President Trump welcomed the Emir of Qatar to the White House on Tuesday.
President Donald Trump shakes hands with Emir of Qatar, Sheikh Tamim Bin Hamad al-Thani. Photo: Ricky Carioti/The Washington Post via Getty Images

President Trump's meeting with the Emir of Qatar on Tuesday is a sign that the U.S. is "getting our normal historic relationship with the region back on track," according to David Mack, a scholar at the Middle East Institute and former U.S. ambassador to the UAE.

Why it matters: The breakdown of relations within the Gulf Cooperation Council (GCC) has "weakened the United States," Mack told Axios, when it comes to handling international terrorism and confronting Iran.

The backdrop: When Saudi Arabia, the United Arab Emirates, Bahrain and others cut ties with Qatar last summer, former Secretary Rex Tillerson wanted to work to restore relations. But he was "undercut by the president" and by Jared Kushner, Mack says, which "made U.S. diplomacy in the region very, very weak."

Looking forward: Mack said a united GCC is crucial in acting as a "deterrent" to Iran, which is the "only country that has been gaining by this disarray among the GCC states," by developing a relationship with Qatar. And as we near the the May 12 deadline set by Trump to "fix" or withdraw from the Iran nuclear deal, a united front in the region could be hugely beneficial.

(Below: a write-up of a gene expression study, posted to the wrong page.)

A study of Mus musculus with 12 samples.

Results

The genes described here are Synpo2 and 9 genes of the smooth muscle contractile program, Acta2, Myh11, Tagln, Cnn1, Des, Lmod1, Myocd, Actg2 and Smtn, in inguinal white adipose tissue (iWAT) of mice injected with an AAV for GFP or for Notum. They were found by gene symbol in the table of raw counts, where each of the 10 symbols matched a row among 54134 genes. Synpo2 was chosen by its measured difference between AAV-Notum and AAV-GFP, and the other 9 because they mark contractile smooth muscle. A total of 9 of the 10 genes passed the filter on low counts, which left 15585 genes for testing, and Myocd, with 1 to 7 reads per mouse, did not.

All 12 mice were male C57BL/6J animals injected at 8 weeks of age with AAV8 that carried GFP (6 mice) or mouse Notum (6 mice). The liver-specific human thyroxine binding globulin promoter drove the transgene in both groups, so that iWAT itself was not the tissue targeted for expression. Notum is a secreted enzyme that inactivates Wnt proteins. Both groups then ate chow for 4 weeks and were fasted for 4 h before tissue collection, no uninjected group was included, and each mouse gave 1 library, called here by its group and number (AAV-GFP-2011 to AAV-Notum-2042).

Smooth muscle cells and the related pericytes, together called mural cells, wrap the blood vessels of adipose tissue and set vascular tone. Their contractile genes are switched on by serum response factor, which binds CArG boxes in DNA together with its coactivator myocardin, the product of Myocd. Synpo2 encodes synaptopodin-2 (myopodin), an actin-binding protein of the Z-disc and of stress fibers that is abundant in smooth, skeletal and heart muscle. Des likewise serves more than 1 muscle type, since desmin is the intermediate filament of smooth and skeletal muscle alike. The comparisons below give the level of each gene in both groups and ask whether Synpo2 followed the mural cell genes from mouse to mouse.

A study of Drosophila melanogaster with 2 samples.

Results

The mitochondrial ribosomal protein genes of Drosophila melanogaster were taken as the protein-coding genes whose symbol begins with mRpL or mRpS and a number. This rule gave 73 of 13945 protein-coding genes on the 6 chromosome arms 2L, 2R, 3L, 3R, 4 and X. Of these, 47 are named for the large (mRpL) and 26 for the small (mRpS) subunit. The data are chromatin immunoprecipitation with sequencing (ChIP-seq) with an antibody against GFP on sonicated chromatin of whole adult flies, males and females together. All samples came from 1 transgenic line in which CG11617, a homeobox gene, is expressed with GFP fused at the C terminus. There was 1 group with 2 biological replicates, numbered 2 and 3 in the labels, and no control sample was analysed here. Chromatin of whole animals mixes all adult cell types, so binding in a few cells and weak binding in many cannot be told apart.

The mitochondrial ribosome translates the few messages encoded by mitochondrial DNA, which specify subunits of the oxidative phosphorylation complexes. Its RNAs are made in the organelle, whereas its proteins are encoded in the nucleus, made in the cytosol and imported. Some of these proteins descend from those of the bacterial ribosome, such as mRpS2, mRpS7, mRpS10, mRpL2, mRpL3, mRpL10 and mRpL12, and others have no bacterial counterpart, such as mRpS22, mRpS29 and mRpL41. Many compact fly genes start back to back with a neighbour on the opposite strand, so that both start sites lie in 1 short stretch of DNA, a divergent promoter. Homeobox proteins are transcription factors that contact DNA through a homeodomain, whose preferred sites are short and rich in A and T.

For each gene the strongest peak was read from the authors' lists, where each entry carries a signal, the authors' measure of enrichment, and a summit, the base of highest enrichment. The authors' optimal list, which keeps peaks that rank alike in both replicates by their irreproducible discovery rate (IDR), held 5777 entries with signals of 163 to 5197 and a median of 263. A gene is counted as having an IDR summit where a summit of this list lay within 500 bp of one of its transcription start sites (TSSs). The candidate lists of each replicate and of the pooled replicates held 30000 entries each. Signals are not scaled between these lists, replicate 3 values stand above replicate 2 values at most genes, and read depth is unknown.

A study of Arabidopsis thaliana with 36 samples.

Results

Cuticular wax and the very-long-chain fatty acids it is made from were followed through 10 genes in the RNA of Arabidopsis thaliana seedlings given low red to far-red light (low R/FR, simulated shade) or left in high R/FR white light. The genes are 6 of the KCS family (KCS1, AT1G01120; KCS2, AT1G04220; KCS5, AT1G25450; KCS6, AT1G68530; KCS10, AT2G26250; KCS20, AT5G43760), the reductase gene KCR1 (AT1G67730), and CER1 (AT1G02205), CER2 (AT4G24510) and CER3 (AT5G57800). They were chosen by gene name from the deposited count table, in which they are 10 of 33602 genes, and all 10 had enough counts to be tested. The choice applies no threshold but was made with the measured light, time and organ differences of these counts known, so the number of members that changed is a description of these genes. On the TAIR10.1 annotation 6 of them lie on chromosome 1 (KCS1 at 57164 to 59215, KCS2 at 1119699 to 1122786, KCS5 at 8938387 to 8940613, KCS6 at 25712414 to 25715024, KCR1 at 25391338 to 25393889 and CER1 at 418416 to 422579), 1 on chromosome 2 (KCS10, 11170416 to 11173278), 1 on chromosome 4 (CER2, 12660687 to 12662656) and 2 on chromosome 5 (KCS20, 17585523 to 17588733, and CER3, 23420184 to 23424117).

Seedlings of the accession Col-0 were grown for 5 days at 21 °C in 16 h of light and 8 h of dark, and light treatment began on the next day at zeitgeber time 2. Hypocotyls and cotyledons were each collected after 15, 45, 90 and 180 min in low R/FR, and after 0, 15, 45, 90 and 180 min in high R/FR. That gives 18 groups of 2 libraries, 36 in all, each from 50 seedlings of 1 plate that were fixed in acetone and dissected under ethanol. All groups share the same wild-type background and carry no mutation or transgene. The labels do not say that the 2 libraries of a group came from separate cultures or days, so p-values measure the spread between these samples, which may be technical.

• But, but, but: Mack says the situation could improve rapidly, if the U.S. presented "a coordinated policy using a robust diplomacy, along with our military relationships with these countries." He's looking for Mike Pompeo and James Mattis to coordinate closely on the issue.

Keep in mind: There have not yet been ambassadors appointed to Qatar, Saudi Arabia, Kuwait, Oman, or the UAE.


President Trump and President Erdogan stand side-by-side outside the White House
President Trump and President of Turkey Erdogan ahead of their meeting at the White House. Photo: Kayhan Ozer/Anadolu Agency via Getty Images

In President Trump's meeting with Turkish President Recep Tayyip Erdogan at the White House last May, Trump opened the meeting by saying that Vice President Mike Pence would like to say something, according to an administration official briefed on the meeting.

Pence took the opportunity to advocate for the release of Pastor Andrew Brunson, a Christian leader in the U.S. who is being persecuted in Turkey.

Haley Britzky 11 hours ago

President Donald Trump and Japanese Prime Minister Shinzo Abe at a news conference at Mar-a-Lago. Photo: Joe Raedle/Getty Images

President Trump said at a joint press conference with Japan's Prime Minister Shinzo Abe on Wednesday that if the meeting with North Korean leader Kim Jong-un is not "fruitful," he will "respectfully leave the meeting."